Contributor: Jazz Gandhum |

Over 56 percent of UK workers are not happy in their existing employment, according to new research by innovative training platform, Course Library. Comment from Jazz Gandhum, Founder of Course Library. The research, which surveyed 1,000 participants between the ages of 18 and 64 about their job satisfaction, also revealed that of those who were not happy in their jobs, 25 percent then confirmed this was due to lack of development opportunities; a statistic supported by the fact that a massive one third of workers advised that their employer does not invest in training and development for any staff member.

In fact, the survey highlighted a strong correlation between happiness and learning and development – where of the 43.7 percent of respondents who advised they were happy in their jobs – 38.2 percent said it was because they are constantly learning new skills.

This was supported by 86.7 percent of workers who advised they would be willing to invest in regular training and development, to boost their career opportunities – rising to an impressive 94 percent amongst 18-24 year olds.

Jazz Gandhum, Founder of Course Library, said: “This latest research by Course Library demonstrates a strong correlation between training and development and job satisfaction, highlighting that those who are most happiest in their positions are those offered regular training by their Employers. “One of the stats I found to be most telling, is the high percentage of 18-24 year olds who want to invest in their future and their careers – which comes at an interesting time, as the UK celebrates National Apprenticeship Week, and plans for the introduction of the new Apprenticeship Levy programme.”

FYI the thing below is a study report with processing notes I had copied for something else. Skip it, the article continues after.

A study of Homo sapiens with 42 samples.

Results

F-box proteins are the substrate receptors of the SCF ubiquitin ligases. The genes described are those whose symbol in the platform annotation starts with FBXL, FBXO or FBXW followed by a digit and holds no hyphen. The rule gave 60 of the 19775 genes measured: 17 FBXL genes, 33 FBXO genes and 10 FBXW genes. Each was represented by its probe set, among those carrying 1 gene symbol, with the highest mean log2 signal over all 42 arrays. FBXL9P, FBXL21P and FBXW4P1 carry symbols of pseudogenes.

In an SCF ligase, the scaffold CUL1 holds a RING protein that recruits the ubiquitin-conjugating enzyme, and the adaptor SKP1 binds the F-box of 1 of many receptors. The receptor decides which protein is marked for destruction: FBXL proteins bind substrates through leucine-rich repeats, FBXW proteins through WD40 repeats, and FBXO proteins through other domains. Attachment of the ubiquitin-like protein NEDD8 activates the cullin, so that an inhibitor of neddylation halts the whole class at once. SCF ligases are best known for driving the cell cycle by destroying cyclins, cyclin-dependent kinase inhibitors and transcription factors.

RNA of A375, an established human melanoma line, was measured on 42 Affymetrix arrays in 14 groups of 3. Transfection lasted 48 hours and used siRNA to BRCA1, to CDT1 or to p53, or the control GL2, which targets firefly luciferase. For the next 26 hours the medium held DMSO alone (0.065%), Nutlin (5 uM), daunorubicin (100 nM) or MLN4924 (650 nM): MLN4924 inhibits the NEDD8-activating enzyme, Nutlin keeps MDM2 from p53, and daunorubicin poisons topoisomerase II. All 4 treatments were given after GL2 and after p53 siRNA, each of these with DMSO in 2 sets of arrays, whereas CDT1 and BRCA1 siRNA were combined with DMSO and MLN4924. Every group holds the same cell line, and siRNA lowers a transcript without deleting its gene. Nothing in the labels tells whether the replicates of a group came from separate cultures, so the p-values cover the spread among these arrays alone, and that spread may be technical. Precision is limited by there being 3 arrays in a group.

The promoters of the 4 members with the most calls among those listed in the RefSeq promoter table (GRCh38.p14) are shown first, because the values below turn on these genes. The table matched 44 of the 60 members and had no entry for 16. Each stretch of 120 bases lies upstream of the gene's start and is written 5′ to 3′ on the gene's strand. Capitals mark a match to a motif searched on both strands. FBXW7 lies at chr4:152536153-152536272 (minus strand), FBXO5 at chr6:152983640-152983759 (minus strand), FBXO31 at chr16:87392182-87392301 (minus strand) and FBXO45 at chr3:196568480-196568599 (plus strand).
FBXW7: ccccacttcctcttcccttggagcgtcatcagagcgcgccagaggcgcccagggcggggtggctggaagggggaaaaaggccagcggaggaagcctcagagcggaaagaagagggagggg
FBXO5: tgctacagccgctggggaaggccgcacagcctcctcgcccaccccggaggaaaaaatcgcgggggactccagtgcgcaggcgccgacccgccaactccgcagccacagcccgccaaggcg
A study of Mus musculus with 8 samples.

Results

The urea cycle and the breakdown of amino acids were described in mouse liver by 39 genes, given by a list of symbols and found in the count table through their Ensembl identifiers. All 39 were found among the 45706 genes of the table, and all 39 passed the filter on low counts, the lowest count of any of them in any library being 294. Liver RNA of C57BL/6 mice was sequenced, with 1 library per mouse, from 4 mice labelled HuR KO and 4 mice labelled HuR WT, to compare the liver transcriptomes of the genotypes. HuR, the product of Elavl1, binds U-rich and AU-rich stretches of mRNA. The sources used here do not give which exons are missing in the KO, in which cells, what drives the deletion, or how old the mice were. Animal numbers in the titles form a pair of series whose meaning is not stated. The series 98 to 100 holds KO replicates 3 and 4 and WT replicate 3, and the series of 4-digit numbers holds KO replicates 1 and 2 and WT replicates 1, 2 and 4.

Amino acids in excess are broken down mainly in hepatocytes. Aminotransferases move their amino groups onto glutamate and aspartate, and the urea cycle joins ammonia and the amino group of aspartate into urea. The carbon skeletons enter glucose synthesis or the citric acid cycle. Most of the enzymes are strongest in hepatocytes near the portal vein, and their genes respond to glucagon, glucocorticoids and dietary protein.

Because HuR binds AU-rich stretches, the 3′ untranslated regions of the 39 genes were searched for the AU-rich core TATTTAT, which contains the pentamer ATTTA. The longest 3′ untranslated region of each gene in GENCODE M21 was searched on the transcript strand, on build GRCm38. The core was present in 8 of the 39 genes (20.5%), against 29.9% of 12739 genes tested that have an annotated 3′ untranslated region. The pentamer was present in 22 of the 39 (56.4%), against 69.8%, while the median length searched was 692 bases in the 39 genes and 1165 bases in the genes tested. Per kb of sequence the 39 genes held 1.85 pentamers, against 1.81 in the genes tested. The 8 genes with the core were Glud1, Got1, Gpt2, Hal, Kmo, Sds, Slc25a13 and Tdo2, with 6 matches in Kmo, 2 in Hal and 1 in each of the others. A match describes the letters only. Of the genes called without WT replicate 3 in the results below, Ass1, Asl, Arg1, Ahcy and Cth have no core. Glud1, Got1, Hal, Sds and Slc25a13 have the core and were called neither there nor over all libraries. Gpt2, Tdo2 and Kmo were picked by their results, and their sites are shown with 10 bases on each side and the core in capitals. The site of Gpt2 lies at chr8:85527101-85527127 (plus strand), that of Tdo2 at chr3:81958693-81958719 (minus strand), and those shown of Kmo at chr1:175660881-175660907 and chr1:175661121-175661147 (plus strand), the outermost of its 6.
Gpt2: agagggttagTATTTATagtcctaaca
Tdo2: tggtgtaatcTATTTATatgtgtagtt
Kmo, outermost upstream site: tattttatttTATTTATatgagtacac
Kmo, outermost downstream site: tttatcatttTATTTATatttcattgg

Lee Biggins, Co-Founder of Course Library added: “It goes without saying that workers who feel as if their skill sets are being expanded and that they are continuously learning new things, are more likely to want to stay within their current organisation. The issue is many businesses fail to recognise just how valuable development is to their employees. Rather than focussing on the time and cost surrounding training, companies across the UK must start to think about the potential, positive outputs; staff that are happier, more knowledgeable and more engaged with their employer.”